Intellectual Property   |   March 31, 2014

The Guidance states that it does not impose any new requirements on financial institutions, but is designed as a guide to help financial institutions understand the applicability of existing requirements and supervisory expectations associated with social media use. The Guidance defines "social media" as any form of interactive online communication in which users can generate and share content through text, images, audio, and/or video. It notes that messages sent via traditional email or text message, standing alone, do not constitute social media, but messages sent through social media channels are considered social media.

The Guidance states that financial institutions should have a risk management program in place allowing them to identify, measure, monitor, and control the risks related to social media. The scope of the institution’s program should be commensurate with the breadth of its involvement in social media. The program should include a governance structure, policies and procedures for social media use, a risk management process for selecting and monitoring third party relationships in connection with social media, an employee training program, an oversight policy for monitoring information posted on proprietary social media sites, audit and compliance functions, and parameters for reporting to the board of directors or senior management to enable their periodic evaluations of the program.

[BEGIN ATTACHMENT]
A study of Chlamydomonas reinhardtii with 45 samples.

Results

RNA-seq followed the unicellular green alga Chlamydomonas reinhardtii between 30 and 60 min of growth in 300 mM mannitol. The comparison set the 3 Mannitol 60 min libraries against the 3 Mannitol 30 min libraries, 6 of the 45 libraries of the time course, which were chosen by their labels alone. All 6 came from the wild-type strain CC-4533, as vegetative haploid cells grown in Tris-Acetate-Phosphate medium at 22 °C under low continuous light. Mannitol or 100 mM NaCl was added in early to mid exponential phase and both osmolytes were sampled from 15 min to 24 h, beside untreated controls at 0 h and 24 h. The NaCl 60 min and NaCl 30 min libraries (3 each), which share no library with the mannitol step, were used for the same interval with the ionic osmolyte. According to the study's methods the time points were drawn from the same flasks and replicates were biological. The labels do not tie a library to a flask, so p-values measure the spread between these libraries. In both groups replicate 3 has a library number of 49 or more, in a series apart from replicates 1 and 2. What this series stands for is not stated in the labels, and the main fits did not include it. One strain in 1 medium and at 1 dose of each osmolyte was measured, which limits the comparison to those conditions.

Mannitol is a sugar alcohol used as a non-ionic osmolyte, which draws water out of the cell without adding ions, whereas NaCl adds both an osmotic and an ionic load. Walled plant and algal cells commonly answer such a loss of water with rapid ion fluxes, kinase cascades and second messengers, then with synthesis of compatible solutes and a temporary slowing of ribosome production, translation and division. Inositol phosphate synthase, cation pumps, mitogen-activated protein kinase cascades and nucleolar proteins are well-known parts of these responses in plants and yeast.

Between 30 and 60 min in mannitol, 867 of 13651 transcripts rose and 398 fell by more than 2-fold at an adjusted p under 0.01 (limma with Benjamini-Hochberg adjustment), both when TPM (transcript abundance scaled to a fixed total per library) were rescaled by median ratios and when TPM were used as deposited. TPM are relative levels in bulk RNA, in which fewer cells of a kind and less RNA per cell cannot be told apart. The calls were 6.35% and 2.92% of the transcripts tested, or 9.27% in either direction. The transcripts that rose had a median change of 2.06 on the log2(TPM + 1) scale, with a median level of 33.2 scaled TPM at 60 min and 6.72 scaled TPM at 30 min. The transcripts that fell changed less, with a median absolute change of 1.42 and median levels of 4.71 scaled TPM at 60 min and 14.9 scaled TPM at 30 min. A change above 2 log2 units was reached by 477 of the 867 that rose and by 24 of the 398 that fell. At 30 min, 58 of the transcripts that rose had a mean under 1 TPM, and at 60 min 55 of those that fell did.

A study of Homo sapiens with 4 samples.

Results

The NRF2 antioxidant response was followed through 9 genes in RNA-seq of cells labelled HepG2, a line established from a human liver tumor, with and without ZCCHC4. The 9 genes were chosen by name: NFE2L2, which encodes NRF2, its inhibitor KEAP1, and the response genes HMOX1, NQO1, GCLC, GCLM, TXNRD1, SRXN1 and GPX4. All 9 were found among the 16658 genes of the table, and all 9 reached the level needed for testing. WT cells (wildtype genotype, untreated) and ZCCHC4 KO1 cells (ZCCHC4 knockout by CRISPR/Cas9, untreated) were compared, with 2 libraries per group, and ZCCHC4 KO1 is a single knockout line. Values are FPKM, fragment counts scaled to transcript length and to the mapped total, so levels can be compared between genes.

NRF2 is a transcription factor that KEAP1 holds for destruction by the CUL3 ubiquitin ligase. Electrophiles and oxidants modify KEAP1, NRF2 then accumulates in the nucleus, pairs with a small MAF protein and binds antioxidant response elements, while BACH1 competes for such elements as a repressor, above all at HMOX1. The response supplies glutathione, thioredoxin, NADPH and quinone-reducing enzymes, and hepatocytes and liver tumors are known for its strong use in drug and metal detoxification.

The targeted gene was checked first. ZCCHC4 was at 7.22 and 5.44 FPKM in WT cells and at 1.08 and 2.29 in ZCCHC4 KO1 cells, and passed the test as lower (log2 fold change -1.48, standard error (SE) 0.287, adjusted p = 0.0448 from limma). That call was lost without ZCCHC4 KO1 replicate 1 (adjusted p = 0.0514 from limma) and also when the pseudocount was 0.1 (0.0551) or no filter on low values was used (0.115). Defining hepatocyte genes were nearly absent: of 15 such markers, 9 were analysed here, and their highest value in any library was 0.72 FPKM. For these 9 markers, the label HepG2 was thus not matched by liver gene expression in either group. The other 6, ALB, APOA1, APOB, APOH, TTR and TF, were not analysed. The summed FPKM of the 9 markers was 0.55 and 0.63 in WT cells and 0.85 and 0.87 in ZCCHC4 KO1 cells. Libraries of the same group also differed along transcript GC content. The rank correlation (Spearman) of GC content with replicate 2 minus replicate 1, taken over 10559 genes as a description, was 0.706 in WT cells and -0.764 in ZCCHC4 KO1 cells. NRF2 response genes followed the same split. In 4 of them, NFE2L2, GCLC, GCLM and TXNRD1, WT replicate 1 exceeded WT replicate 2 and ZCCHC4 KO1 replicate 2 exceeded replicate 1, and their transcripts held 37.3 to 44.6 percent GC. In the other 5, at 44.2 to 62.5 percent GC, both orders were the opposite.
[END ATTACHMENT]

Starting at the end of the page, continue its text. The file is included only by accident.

The Guidance identifies three broad categories of social media risk: compliance and legal risk; reputational risk; and operational risk; and sets forth guidelines for managing each. With respect to compliance and legal risk, the Guidance establishes guidelines broken down by specific laws and regulations relating to deposit and lending products; payment systems; Bank Secrecy Act/Anti-Money Laundering; Community Reinvestment Act (CRA); and privacy. Financial institutions are likely to find the compliance and legal risk section the most detailed, relevant, and instructive of the three broad categories. The described reputational risks overlap somewhat with the compliance and legal risks category, and also include guidance for managing social media risk associated with fraud and brand identity, consumer complaints, and employee use of social media. The operational risk guidance is brief, and refers to previously-issued guidance.